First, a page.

Speaking to The Telegraph this week, Frances O’Grady, the first female general secretary of the TUC (the main representative of trade unions in England and Wales),had much to say regarding the gender pay gap, motherhood and the importance of the trade union movement. After more than a year in this position, she has experienced gender discrimination first-hand saying that she often feels like ‘the only woman in the village’ when working alongside the Government or employers for example. Despite this, she is not afraid to voice her concerns when it comes to the position of women in the labour market.
As a general concern, she finds the increase in low-paid jobs caused by the recession worrying. She notes that this however has not prevented those at the top from getting a pay rise. Women are brought into this equation due to them having to pay “a big motherhood penalty”. According to O’Grady, there is a link between part-time work and low pay, which contributes to the gender pay gap. She thus believes that the current labour market is actively working against women, stating:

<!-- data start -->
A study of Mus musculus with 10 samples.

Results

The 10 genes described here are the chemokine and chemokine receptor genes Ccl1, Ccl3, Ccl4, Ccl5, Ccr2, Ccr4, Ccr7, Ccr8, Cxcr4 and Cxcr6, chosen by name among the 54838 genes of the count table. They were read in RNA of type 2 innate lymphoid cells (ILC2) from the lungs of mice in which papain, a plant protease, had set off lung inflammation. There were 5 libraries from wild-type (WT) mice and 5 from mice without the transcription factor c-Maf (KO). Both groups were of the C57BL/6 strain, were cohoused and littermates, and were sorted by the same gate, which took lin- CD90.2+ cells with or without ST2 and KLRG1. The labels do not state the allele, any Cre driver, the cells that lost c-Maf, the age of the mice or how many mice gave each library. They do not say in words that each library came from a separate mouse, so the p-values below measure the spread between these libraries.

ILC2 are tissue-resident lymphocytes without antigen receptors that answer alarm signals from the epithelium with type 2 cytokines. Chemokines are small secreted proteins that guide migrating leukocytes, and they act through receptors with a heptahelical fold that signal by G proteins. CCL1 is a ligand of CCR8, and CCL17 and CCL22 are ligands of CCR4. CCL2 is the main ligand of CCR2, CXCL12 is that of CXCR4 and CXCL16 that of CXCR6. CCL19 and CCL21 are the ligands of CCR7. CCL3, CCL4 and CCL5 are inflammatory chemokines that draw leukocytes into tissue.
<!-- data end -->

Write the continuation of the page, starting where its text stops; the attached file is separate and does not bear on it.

“For women it’s still the case that when you have children it’s very hard to return to work. It’s a story that doesn’t get told, that women are adversely affected by the labour market. We can’t lose sight of the fact that actually, for millions of working women, it isn’t getting any easier.”
Her main concern therein is that this development will be a permanent one. Due to her “personal interest” in the matters of women and childcare, O’Grady vows to fight for workers in low-paid and poor quality jobs in the coming year.
She’s not convinced by the rise in female self-employment either. To her this simply means that women are doing exactly the same jobs they would be in contracted positions such as hairdressing or secretarial work, yet with “poorer terms and conditions”. Furthermore, she believes that not all men in top positions are there on the basis of merit; rather it is a case of “a pat on the back, around the golf course.” And, contrary to popular belief, women are asking for pay rises but are just more likely to hear a “no” from their bosses.
So, what must the UK do in order to overturn these miserable conditions? O’Grady thinks that it is a matter of having too few women in Government. Only a diverse Government could resolve women’s issues in the labour market. Also, the Government needs to sort out the pay gap in order that men will take the parental leave that they are due. The trade union movement, which she hopes will grow, can provide assistance in the meantime.